Photo: Courtesy of The Shin Guardian
In a span of eighteen days ending last Tuesday, the USMNT played Scotland, Brazil, Canada, Antigua & Barbuda, and Guatemala, finishing with a record of two wins, two ties, and 1 loss. In the games that mattered for World Cup Qualifying, they garnered four points, and currently top their qualifying group. Taken out of context, and considering that the loss came against five-time World Champion Brazil, these are good results. But looking back at the games as a sequence, it’s hard not to be disappointed.
Against Scotland, the U.S. played as well as I have seen them play, controlling the game with a passing tempo and workrate that Scotland simply could not match, allied with excellent finishing. Then came Brazil, and while it took a half to get going, the team managed to play at a similarly high level, regardless of the scoreline. In the ensuing three games, however, the U.S. never found that rhythm and energy, and struggled to play well against teams they should beat.
It’s unusual, outside of a tournament, to see the team play so many games in so short a time, and it gives us a chance to assess the progress that the U.S. has made under Juergen Klinsmann. Let’s take a look at the positives first, then some negatives, and finally, we’ll peek ahead.
- We have some very good players. For years, one of the major knocks against the U.S. when compared to the big European and South American teams was that there was a talent gap. That gap is closing. True, we have no Neymar, no Messi, no Cristiano Ronaldo, but players like Clint Dempsey, Landon Donovan, and Michael Bradley are top-class talents, and younger players coming through like Fabian Johnson and Jozy Altidore (22-years-old–he only seems like he’s been around forever) give hope for the future, too.
- We can play good soccer. Klinsmann was brought in for many reasons, but a big one was to transform the U.S.’s style of play from a system of functional athleticism to something with panache. To be frank, I think he’s ahead of schedule. Against teams unable to effectively park the bus, or that actually want to play a game of football, the U.S. can really move the ball and make things happen. And the athleticism and workrate that has been a hallmark of U.S. teams through the years remains.
- We play in CONCACAF. When the U.S. beat Scotland, I said that the midfield trio of Bradley, Maurice Edu, and Jermaine Jones was comfortably our first-choice. I still believe that, but before kick-off against Scotland, I was also wary that there was not enough offensive creativity there, and Canada, A&B, and Guatemala exposed that. Michael Bradley can only do so much. He’s the engine room and the most creative player, but also the most defensively-aware, so against teams that sit deep and play on the counter, he needs help. If that help comes from the wings, then great, but if Donovan and Dempsey aren’t on it, the team struggles to open up packed defenses. Strangely, it seems that the U.S. may be better suited to playing European and South American teams than our regional neighbors.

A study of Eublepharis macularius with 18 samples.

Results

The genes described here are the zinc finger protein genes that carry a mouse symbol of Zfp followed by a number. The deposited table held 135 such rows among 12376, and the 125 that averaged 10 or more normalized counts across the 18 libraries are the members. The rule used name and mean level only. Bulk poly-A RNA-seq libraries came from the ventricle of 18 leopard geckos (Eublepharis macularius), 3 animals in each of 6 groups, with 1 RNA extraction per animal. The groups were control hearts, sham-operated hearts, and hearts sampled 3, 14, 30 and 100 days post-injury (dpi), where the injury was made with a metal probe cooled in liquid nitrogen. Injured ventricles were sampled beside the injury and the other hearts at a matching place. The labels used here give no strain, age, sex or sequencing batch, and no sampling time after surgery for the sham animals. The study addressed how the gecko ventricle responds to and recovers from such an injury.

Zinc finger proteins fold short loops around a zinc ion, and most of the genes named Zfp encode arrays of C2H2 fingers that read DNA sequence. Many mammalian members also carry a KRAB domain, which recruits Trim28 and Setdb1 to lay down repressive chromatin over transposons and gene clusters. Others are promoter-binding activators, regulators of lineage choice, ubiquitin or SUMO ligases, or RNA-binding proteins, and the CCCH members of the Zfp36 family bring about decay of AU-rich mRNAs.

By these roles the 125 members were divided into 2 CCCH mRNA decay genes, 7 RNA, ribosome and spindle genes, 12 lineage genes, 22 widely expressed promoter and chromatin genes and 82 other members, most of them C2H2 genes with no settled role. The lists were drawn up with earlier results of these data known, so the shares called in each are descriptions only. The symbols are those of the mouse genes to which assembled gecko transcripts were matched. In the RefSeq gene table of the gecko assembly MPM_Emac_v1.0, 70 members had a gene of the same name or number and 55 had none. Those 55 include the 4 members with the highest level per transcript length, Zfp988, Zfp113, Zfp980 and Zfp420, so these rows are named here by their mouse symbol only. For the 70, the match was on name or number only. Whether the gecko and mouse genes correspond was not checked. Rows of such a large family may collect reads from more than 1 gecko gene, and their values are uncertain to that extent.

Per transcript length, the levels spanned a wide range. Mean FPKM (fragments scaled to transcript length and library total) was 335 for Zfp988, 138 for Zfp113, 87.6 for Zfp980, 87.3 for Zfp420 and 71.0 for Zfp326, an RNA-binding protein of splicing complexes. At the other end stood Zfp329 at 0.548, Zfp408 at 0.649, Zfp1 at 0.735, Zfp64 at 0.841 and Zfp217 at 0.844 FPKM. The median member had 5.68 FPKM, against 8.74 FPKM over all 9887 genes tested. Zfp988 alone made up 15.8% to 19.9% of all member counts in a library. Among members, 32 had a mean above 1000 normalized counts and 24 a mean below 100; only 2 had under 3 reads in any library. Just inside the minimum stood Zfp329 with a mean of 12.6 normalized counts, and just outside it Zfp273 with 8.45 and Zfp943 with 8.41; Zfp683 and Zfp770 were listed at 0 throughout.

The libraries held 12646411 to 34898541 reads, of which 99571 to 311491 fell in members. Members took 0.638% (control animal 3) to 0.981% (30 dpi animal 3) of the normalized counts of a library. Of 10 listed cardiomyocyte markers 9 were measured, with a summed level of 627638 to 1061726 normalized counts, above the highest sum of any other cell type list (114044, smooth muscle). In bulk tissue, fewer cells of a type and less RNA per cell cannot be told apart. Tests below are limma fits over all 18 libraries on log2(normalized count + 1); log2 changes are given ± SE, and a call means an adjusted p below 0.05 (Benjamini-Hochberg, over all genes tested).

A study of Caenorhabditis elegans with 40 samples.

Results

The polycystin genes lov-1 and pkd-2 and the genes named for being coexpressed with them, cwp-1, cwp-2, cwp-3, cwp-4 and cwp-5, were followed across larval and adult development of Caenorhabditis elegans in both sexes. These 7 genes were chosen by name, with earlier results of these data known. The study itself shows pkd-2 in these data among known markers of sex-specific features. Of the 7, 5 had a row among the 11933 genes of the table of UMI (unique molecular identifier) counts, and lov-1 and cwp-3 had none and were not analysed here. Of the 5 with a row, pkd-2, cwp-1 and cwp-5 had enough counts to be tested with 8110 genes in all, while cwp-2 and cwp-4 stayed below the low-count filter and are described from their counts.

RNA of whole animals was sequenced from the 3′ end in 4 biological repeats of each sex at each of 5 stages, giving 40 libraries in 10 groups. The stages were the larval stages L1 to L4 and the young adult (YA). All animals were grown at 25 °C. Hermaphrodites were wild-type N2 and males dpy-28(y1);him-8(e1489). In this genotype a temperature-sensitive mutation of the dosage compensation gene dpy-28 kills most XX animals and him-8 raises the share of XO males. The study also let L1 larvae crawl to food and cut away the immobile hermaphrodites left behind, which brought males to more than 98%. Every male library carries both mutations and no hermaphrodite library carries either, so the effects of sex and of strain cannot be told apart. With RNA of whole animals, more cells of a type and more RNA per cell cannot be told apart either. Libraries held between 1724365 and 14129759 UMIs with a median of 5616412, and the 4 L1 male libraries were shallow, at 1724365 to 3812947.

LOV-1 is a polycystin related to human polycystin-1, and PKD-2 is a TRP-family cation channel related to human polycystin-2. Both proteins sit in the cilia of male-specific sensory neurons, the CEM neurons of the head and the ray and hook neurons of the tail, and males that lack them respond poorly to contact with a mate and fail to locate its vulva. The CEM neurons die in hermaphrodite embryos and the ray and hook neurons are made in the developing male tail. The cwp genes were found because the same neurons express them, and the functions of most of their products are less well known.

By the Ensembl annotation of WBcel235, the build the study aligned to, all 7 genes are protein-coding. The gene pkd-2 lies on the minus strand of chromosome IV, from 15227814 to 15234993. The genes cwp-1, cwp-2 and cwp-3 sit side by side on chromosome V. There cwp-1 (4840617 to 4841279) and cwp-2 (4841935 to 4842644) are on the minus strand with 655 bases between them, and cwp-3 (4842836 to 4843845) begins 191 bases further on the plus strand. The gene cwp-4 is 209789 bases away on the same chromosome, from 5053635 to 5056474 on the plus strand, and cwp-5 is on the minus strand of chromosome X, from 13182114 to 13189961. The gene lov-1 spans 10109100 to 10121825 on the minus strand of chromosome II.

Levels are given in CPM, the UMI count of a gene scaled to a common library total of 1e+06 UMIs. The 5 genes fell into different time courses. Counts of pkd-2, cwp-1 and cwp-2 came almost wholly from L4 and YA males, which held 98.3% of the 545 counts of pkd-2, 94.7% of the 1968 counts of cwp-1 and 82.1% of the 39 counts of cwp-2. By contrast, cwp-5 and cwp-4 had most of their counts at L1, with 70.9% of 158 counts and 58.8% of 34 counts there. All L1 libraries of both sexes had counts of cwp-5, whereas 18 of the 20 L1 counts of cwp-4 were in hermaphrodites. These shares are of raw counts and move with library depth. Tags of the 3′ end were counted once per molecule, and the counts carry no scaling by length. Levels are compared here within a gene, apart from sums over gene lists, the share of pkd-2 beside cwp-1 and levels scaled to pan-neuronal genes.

- Selection problems? Another feature of the Scotland win was the marked absence of two of the U.S.’s most in form offensive players, Dempsey and Altidore. Herculez Gomez, also in form, was kept on the bench. Yet, with Terrence Boyd up top as the focal point, and Jose Torres pushed up on the left side, the midfield ball-players had a field day, playing keep away and one-touch, running Scotland ragged. While Gomez has shined since coming into the side, neither Dempsey nor Altidore has given more than glimpses of what they’re capable of, and the fluidity of the Scotland and Brazil games has disappeared. That’s not to say they should be benched, but simply to point out that different players require different tactics, and perhaps Klinsmann needs more time to figure out how best to incorporate their talents into the game plan.
The U.S. next plays Jamaica at home (Columbus Crew Stadium), on September 11th, then sees Guatemala again, this time in Kansas City (LIVESTRONG Sporting Park), on October 16th. The non-U.S.-based players now get to go home and take their summer vacation, while those in MLS return to their club teams. In both cases, I think this is a good thing. The European-based players, including Dempsey and Altidore, were coming off of long seasons, and could use the break. By September, they will be rejuvenated and fit. The MLS-based players will be heading into that league’s playoff stretch run, playing meaningful games each week, and should be razor-sharp.
Barring injuries to key players, the main questions will be what changes, if any, Klinsmann will make. 4-3-3 seems the preferred formation now, but will there be any selection surprises or lineup changes? Will playing at home make a difference to the freedom with which the U.S. plays?
No matter what, the U.S. should head into those autumn games with confidence. While the past few games may have been somewhat disappointing, the U.S. will be favorites against Jamaica and Guatemala, and should be. Let’s hope that the Juergen Klinsmann project continues to accelerate!